After six hard years of gruelling development work, the US Navy hopes to make history by making the first "trap" on board an aircraft carrier by an unmanned air vehicle on 10 July, service officials say.
If everything goes as planned and the Northrop Grumman X-47B unmanned combat air system demonstrator (UCAS-D) catches a "cross-deck pendant" on board the Nimitz-class carrier USS George H W Bush, the event could be as significant as naval aviation pioneer Eugene Ely's first shipborne take-offs and landings in 1910 and 1911.
While the X-47B is merely a demonstrator, it is the technological pathfinder for the navy's unmanned carrier-launched surveillance and strike (UCLASS) aircraft effort, which will become the service's first operational carrier-based UAV.
"We are a demonstration programme," says Rear Adm Mat Winter, Naval Air Systems Command (NAVAIR) programme executive officer for unmanned aviation and strike weapons. "Our primary objective for the X-47 has been and continues to be demonstrating the feasibility of operating an unmanned vehicle, and specifically a tailless-configured unmanned vehicle, in the harsh and highly dynamic carrier environment."
The USN has already tested most of the functionality of the X-47B both on land and at sea, save for landing on board a carrier, Winter says. The precision ship-relative GPS and data-links that make the X-47B tick have been proven repeatedly on shore and the aircraft launched from the carrier earlier in May.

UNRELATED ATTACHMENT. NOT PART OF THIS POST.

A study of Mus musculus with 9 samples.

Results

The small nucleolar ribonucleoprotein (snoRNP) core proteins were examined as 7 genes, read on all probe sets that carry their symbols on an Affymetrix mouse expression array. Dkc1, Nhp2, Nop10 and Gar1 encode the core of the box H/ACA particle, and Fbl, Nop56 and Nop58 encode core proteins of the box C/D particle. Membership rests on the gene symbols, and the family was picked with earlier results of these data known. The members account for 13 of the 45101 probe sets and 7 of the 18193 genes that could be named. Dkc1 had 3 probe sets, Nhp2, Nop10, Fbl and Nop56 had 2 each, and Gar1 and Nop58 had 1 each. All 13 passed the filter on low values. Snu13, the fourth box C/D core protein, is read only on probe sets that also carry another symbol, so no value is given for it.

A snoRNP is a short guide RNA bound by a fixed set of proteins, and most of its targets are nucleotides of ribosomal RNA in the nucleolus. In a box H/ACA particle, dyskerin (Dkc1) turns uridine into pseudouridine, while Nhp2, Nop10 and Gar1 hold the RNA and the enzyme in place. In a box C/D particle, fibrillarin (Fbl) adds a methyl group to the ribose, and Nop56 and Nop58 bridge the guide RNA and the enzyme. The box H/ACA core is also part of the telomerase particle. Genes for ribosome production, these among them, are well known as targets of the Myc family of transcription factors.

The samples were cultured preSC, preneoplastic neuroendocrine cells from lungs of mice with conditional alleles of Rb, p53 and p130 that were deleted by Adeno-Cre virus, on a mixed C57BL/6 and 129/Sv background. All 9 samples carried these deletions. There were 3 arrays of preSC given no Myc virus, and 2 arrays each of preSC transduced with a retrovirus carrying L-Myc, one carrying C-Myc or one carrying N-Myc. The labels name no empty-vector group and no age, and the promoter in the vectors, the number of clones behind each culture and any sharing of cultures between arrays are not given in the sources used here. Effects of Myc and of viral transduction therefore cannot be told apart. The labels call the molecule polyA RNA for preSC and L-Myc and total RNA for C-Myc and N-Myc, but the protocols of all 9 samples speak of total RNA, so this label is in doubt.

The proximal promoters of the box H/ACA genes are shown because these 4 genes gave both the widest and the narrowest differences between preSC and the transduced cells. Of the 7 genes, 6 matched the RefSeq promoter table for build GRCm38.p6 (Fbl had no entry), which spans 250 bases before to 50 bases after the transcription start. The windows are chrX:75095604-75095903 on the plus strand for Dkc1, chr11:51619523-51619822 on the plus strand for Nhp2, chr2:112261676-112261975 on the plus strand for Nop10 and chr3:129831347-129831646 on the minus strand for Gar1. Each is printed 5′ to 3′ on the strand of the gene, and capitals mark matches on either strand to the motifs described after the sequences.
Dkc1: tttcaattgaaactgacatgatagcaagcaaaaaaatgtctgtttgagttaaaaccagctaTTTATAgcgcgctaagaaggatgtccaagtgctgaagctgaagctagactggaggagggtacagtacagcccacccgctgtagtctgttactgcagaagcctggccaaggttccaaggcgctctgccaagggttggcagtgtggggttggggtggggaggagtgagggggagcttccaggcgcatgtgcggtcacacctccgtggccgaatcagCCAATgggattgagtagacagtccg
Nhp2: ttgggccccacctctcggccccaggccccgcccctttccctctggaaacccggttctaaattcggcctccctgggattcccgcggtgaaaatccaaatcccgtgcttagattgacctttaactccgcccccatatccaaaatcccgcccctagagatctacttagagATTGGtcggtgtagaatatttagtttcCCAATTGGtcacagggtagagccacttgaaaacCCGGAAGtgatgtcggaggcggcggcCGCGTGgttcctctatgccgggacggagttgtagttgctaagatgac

For the planned first carrier arrest on 10 July, Capt Jaime Engdahl, NAVAIR's unmanned combat air systems programme manager, says that the X-47B will launch from NAS Patuxent River in Maryland and recover on board the carrier, which will be sailing off the Virginia coast. Once the aircraft makes its first trap, it will be briefly checked before it taxis to the port forward catapult to make another go around the giant vessel.
Engdahl says that the programme will perform a minimum of three arrested landings on board the carrier during the ship's week-long voyage, but the aim is to do more. However, there will not be time to evaluate the aircraft's performance in inclement weather or rough sea conditions, he says. Those characteristics are being evaluated in simulations.
A successful series of carrier-arrested recoveries will be the culmination of the entire UCAS-D effort, Winter says. After the demonstration, the two X-47B air vehicles will be retired to museums in Pensacola, Florida, and Patuxent River, he says.
However, while the X-47Bs will be retired, the technology and operational procedures gained from the programme will be put to good use on the UCLASS activity. "That is the programme of record," Winter says. "This is a demonstration programme. The UCLASS programme will benefit from all of what we have done here."